3-shot combo? Pfizer, BioNTech roll COVID-19 booster trial as real-world data back first vaccine

As Pfizer and BioNTech start testing whether a third dose of their COVID-19 shot can help fend off new coronavirus variants, a massive real-world study has confirmed that its first, two-dose regimen is 94% effective.

The third-dose study now underway will gauge the effects of that follow-up dose on circulating and new COVID-19 virus variants.

At the same time, the companies are in talks with the FDA and EMA about studying a new booster specifically designed to tackle new variants. They're hoping to validate "future modified mRNA vaccines with a regulatory pathway similar to what is currently in place for flu vaccines,” according to a press release.

BioNTech CEO Ugur Sahin said the partners are "evaluating a second booster in the current regimen as well as preparing for a potential rapid adaption of the vaccine to address new variants which might escape the current version of our mRNA-based vaccine."

The Pfizer announcement follows news that mRNA vaccine rival Moderna has sent a newly designed booster shot for NIH testing. The booster targets the South African variant of the virus. Moderna is also looking at potential multivariant boosters and at its original shot as a half-dose booster.

Still, Pfizer thinks a third dose of its current shot will amp protection against variants. CEO Albert Bourla told NBC News the company believes the third dose “will raise the antibody response 10- to 20- fold.”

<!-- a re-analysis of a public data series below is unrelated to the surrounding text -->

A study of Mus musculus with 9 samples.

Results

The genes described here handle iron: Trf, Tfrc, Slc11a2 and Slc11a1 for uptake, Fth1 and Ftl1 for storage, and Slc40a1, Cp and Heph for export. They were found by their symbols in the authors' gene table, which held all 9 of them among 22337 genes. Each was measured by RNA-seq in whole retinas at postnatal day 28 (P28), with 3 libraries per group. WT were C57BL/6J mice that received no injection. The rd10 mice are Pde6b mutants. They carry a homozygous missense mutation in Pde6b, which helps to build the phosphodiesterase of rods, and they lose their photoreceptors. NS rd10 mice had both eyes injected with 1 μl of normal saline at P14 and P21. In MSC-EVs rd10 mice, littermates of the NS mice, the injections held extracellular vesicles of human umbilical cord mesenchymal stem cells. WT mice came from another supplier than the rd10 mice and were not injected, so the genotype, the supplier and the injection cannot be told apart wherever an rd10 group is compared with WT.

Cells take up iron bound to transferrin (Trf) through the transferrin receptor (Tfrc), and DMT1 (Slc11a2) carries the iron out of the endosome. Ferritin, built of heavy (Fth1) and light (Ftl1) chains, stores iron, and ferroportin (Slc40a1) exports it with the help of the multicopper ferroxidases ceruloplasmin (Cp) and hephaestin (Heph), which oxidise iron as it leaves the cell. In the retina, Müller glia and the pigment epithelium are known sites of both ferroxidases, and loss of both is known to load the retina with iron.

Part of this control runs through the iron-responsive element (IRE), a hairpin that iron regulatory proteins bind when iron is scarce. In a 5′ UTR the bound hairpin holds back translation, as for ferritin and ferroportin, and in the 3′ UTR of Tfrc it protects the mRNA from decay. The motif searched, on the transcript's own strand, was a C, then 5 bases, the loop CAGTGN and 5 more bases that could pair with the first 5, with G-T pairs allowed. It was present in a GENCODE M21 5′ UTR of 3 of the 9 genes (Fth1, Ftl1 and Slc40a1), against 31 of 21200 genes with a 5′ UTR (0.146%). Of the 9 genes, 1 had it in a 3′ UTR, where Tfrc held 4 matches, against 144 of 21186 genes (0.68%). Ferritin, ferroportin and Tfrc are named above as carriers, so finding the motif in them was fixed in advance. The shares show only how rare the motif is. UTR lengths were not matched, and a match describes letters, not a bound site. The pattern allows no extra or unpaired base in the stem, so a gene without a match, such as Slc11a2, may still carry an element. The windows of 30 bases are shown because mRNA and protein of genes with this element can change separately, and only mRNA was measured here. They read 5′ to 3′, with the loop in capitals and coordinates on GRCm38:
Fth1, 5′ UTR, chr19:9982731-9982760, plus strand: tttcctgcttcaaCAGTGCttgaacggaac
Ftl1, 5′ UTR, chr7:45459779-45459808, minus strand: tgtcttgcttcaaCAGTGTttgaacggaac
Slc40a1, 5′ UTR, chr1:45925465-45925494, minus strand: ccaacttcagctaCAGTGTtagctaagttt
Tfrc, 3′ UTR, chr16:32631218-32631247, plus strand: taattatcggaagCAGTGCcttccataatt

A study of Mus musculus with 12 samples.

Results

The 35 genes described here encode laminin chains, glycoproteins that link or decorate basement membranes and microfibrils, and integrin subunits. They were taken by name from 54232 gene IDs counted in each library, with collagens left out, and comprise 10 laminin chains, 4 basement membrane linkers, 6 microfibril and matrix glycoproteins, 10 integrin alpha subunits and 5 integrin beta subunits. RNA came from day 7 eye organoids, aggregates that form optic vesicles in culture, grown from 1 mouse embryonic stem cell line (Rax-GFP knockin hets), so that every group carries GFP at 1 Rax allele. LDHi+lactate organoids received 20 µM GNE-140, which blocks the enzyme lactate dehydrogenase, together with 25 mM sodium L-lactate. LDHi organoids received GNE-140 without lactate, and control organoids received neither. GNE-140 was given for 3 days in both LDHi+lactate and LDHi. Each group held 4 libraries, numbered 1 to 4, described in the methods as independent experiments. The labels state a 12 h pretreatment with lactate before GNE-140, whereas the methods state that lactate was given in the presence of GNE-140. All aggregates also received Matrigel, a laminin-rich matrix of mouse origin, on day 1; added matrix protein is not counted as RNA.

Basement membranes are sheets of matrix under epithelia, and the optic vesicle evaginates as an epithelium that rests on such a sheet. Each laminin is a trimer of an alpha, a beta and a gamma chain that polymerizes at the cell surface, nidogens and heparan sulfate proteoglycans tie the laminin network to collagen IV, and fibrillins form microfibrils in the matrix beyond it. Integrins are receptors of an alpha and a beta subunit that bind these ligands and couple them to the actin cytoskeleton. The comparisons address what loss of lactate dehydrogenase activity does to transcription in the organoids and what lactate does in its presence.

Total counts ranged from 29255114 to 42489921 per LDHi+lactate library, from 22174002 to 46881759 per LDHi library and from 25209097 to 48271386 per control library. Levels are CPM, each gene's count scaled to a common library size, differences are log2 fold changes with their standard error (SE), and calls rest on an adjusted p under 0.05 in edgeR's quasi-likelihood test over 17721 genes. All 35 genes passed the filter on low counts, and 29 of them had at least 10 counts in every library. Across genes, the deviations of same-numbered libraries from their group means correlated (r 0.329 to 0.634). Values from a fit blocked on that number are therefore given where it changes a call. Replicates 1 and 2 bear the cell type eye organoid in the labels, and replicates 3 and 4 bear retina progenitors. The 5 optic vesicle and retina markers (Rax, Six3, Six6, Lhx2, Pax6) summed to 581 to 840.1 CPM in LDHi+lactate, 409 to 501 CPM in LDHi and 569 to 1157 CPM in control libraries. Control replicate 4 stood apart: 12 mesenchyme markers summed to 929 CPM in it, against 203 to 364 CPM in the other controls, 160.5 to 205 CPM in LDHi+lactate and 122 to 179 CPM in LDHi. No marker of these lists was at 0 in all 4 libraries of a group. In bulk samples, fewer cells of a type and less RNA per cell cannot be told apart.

The FDA earlier this week signaled its willingness to work with vaccine makers to speed up booster development. The agency is working on expedited review rules for the follow-up shots.

There’s no need “to start at square one with any of these products—we recognize we are in a pandemic and we need to arm healthcare providers with the most appropriate tools to fight this pandemic on the front lines,” acting FDA Commissioner Janet Woodcock, M.D., said in an early February statement.

While the variant studies ramp up, a real-world study out of Israel confirms Comirnaty’s effectiveness.

Researchers found 46% effective at preventing infection 14 to 20 days after the first dose, and 92% effectiveness seven days after the second dose. The vaccine proved even better at preventing symptomatic infection at 57% and 94% for the same time periods.


While the study dates from Dec. 20 through Feb. 1, likely pre-dating widespread capture of emerging coronavirus varients, the researchers confirmed the vaccine's role in stemming the pandemic. It specifically concluded that Comirnaty is highly effective against serious illness, hospitalizations and death.

“These results strengthen the expectation that newly approved vaccines can help to mitigate the profound global effects of the Covid-19 pandemic,” the report finds.